2021 Annual Seminar on Ethics, Religion, and the Holocaust


June 23–July 2, 2021
Deadline Extended to April 30

Church attic in Gilleleje church (Denmark) where the Gestapo caught 80 Jewish refugees on October 7, 1943, who were then deported to Theresienstadt. —United States Holocaust Memorial Museum, courtesy of the Frihedsmuseet, Copenhagen

The 2021 Seminar on Ethics, Religion, and the Holocaust will examine the historical, ethical, and theological relevance of the Holocaust for Christianity and theological education today. Apply to join us online for this synchronous and asynchronous seminar conducted over seven days. Learn from leading experts in the field, discover Museum resources, and network with Museum staff and other scholars. Seminary and religious studies faculty, graduate students, and clergy interested in incorporating the seminar’s themes into their teaching are especially welcome to apply.

Presenters and Schedule

Wednesday, June 23: Meet and Greet (Dr. Rebecca Carter-Chand, US Holocaust Memorial Museum)

Thursday, June 24: Jews and Christians before the Holocaust (Dr. Kevin Madigan, Harvard University)

Friday, June 25: The German churches in Nazi Germany (Dr. Christopher Probst, Washington University in St. Louis, University College) 

Tuesday, June 29: North American churhes and the Holocaust (Dr. Kyle Jantzen, Ambrose University) 

Wednesday, June 30: Ethical Perspectives on the Holocaust (Dr. David Gushee, Mercer University) 

Thursday, July 1: Clergy and Religious Professionals during the Holocaust (Dr. Beth Griech-Polelle, Pacific Lutheran University)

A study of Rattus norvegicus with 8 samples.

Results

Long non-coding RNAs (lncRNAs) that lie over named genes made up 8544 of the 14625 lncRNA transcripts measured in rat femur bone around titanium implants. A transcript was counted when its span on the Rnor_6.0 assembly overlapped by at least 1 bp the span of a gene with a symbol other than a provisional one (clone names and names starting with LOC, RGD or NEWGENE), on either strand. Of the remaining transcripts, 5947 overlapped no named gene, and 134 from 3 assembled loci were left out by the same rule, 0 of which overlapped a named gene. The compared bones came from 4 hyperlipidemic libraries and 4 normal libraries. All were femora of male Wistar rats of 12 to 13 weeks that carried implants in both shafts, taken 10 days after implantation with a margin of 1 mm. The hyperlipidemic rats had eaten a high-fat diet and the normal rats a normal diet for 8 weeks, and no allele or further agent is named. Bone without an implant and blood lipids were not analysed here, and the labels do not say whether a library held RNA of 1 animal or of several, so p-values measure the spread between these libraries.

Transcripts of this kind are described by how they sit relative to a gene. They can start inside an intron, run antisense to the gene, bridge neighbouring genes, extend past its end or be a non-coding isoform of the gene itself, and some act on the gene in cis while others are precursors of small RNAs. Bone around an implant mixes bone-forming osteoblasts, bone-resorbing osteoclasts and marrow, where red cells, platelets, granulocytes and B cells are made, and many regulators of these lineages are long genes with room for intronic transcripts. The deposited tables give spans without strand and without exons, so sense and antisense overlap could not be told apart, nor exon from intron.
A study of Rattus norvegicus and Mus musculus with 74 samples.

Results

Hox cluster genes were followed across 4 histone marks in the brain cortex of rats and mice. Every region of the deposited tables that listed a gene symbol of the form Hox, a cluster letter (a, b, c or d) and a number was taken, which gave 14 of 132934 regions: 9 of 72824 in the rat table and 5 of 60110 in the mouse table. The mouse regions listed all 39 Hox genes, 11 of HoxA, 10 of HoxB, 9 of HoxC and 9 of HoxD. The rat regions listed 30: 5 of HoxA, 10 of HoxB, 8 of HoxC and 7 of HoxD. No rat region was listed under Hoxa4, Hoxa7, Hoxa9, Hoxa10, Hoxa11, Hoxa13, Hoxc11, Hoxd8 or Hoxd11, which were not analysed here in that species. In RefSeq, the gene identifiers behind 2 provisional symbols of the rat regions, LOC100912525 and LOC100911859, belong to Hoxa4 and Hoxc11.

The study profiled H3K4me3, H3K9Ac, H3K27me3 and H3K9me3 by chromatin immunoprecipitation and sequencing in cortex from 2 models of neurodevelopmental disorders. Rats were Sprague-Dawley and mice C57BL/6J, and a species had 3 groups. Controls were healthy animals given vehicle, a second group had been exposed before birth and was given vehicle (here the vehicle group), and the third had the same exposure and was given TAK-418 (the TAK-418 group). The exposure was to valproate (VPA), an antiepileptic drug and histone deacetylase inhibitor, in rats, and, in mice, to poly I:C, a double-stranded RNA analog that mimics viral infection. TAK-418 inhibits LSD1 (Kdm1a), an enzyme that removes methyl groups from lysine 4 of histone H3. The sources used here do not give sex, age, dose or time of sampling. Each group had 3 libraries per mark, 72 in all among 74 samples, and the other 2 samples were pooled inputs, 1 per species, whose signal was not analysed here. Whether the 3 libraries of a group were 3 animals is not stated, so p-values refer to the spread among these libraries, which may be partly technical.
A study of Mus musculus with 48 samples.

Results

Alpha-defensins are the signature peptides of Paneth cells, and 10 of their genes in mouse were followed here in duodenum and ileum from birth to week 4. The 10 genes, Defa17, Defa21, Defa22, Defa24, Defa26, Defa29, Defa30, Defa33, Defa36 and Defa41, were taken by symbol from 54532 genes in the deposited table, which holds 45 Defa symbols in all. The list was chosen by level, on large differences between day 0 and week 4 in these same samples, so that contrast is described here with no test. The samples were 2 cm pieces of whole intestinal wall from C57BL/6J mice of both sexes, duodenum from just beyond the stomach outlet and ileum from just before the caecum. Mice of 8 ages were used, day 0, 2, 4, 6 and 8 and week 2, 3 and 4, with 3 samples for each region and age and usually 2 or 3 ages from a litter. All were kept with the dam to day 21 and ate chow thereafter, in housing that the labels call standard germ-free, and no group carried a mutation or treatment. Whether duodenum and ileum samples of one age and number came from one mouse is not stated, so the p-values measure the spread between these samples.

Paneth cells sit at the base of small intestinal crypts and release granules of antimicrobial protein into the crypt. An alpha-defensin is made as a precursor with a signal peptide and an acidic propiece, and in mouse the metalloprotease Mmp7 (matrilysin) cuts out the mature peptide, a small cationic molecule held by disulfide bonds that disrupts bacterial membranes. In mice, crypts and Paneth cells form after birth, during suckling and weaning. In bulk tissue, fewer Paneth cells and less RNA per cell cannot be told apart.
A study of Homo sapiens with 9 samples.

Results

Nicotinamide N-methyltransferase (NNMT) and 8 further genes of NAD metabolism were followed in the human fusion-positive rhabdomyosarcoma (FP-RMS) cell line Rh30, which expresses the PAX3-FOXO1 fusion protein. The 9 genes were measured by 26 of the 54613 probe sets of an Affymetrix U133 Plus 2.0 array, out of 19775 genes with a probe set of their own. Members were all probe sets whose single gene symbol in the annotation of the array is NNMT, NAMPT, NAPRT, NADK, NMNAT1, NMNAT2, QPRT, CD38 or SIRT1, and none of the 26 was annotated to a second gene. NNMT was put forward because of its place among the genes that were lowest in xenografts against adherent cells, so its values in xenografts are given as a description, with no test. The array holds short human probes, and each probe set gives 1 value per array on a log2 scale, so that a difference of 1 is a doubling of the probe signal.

Friday, July 2: Post-Holocaust Reckonings with Theology and Practice (Dr. Mary Boys, Union Theological Seminary, New York)

Seminar Format 

The seminar will be conducted entirely online through a combination of synchronous and asynchronous elements over a ten-day period. Participants will attend seven, three-hour synchronous sessions throughout the seminar. Additional daily asynchronous activities will include independent readings, pre-recorded lectures, and online forums. Opportunities for informal networking and small-group meetings will be facilitated via the seminar’s digital platform.

Eligibility

We welcome applications from professors, instructors, and advanced doctoral students who are currently teaching or preparing to teach courses that could integrate the Holocaust and related topics. Teaching an entire course on the Holocaust is not required. We welcome applicants from any religious tradition or denominational affiliation. Clergy and religious professionals who are engaged in adult Christian education or part-time teaching will be considered. Faculty based in institutions outside North America will also be considered if they meet the criteria above.

Application Details

Applications must include: (1) a curriculum vitae; (2) a statement of the applicant’s specific interest in strengthening their background in Holocaust Studies for the purpose of teaching; (3) a letter of support from a dissertation advisor, departmental chair, or dean addressing the applicant’s qualifications; and (4) a draft syllabus on a topic that could potentially incorporate any of the topics that the seminar will address.

Participants must commit to attending the entire seminar. A complete syllabus will be made available to participants in advance of the program. Participants who complete all components of the seminar will receive a $500 honorarium.

The deadline for digital applications has been extended to Friday, April 30, 2021. Submit applications here. Letters of support may be uploaded electronically or sent directly to Dr. Rebecca Carter-Chand at rcarter-chand@ushmm.org. Applicants will be notified by May 7, 2021. 

Apply Now

This workshop is made possible by the Hoffberger Family Fund and by Joseph A. and Janeal Cannon and Family.